To Condemn or Condone? Responding When Loved Ones Misbehave
Do you aspire to be a good person? Most people would probably say yes—believing you are a good, honest, fair, and virtuous person allows you to see yourself in a positive light. To be a good person, most people try to act morally, abiding by laws and following social norms. When immorality does occur, we tend to harshly judge transgressors for violating our deeply held moral values. However, if we ourselves engage in immoral actions, we tend to reinterpret the events or surrounding circumstances to justify our own bad behavior, therefore avoiding damage to our moral self-image.
The people we surround ourselves with also impact our views of our moral self, and we therefore tend to include people in our innermost circle whom we believe are good and moral as well. But what happens when the people we care most about—our romantic partner, friends, or family members—behave badly? Do we follow the same pattern of responses that we do for the self and rationalize their bad behavior? Or do we feel especially threatened by their bad actions in such a way that we judge them even more harshly than we typically would?
When Loved Ones Misbehave
So, we studied how people respond when the ones they love misbehave, examining judgments of the transgressor, the act, and the self. Participants read about hypothetical wrongdoings (for example, spreading a false rumor about a coworker whom they did not like) done by a close other or a stranger. Responses were more lenient, judging the transgressor as less immoral and experiencing less anger towards them, when the transgressor was a loved one compared to a stranger. At the same time, participants took on some of the burden of the close other’s misbehavior, experiencing more shame, guilt, and embarrassment in response to their close other’s bad actions compared to a stranger’s.
Results were much the same in our next study where participants recalled past experiences of witnessing misbehavior of close others compared to strangers.
In our third study, participants reported on and responded to unethical events they witnessed in their daily lives every day over the course of 15 days. There was more leniency towards close others following the unethical act, judging them as less immoral, experiencing less anger towards them, and reporting even lower desires to punish them, compared to strangers.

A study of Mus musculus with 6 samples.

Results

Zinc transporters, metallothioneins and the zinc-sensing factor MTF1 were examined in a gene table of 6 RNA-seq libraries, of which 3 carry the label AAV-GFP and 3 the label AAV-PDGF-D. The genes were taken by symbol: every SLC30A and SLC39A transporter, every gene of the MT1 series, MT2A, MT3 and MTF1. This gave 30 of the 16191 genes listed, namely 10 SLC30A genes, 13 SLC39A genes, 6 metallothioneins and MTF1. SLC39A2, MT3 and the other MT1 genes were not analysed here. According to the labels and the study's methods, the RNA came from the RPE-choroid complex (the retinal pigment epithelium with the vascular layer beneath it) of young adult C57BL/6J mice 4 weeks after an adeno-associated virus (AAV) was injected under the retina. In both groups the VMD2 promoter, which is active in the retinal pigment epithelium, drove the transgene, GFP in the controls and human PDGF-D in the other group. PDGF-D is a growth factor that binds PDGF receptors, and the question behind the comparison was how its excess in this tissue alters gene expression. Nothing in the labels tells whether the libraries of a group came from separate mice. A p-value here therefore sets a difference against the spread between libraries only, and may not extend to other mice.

Lastly, we brought participants into the laboratory in pairs—either romantic partners, friends, or strangers—and examined how they would respond to learning about a novel immoral behavior their close other or a stranger ostensibly admitted to. Again, we found a similar effect of leniency towards loved ones, yet feelings of shame, guilt, and embarrassment when those loved ones misbehaved.
In our research, we also found that people viewed close others’ unethical actions as more ethical than that of strangers, even for the exact same bad acts, such as plagiarizing on a university essay.
This works highlights the importance of social context in moral perception. Who a bad actor is, beyond what they do, impacts how we respond to bad behavior. We judge close transgressors leniently, but at the same time, feel worse about ourselves.
Are We Living Too Much Of A Double Standard?
Do we lean over too far for close others? Close others committed approximately half the acts in our study examining unethical behavior in daily life. If we protect our close others—judging them more leniently and viewing the unethical behavior as less wrong—a large number of moral transgressions likely go unchecked by precisely the people who are in a position to regulate them, at the risk of normalizing immorality in our society.
For Further Reading
Forbes, R. C., & Stellar, J. E. (2021). When the ones we love misbehave: Exploring moral processes within intimate bonds. Journal of Personality and Social Psychology. https://doi.org/10.1037/pspa0000272
Schein, C. (2020). The importance of context in moral judgments. Perspectives on Psychological Science, 15(2), 207-215. https://doi.org/10.1177/1745691620904083
Rachel Forbes is a graduate student at the University of Toronto. Her research interests include how social context impacts how we perceive unethical behavior.
Jennifer Stellar is an Assistant Professor of Psychology at the University of Toronto. Her research interests include self-transcendent emotions and moral perceptions.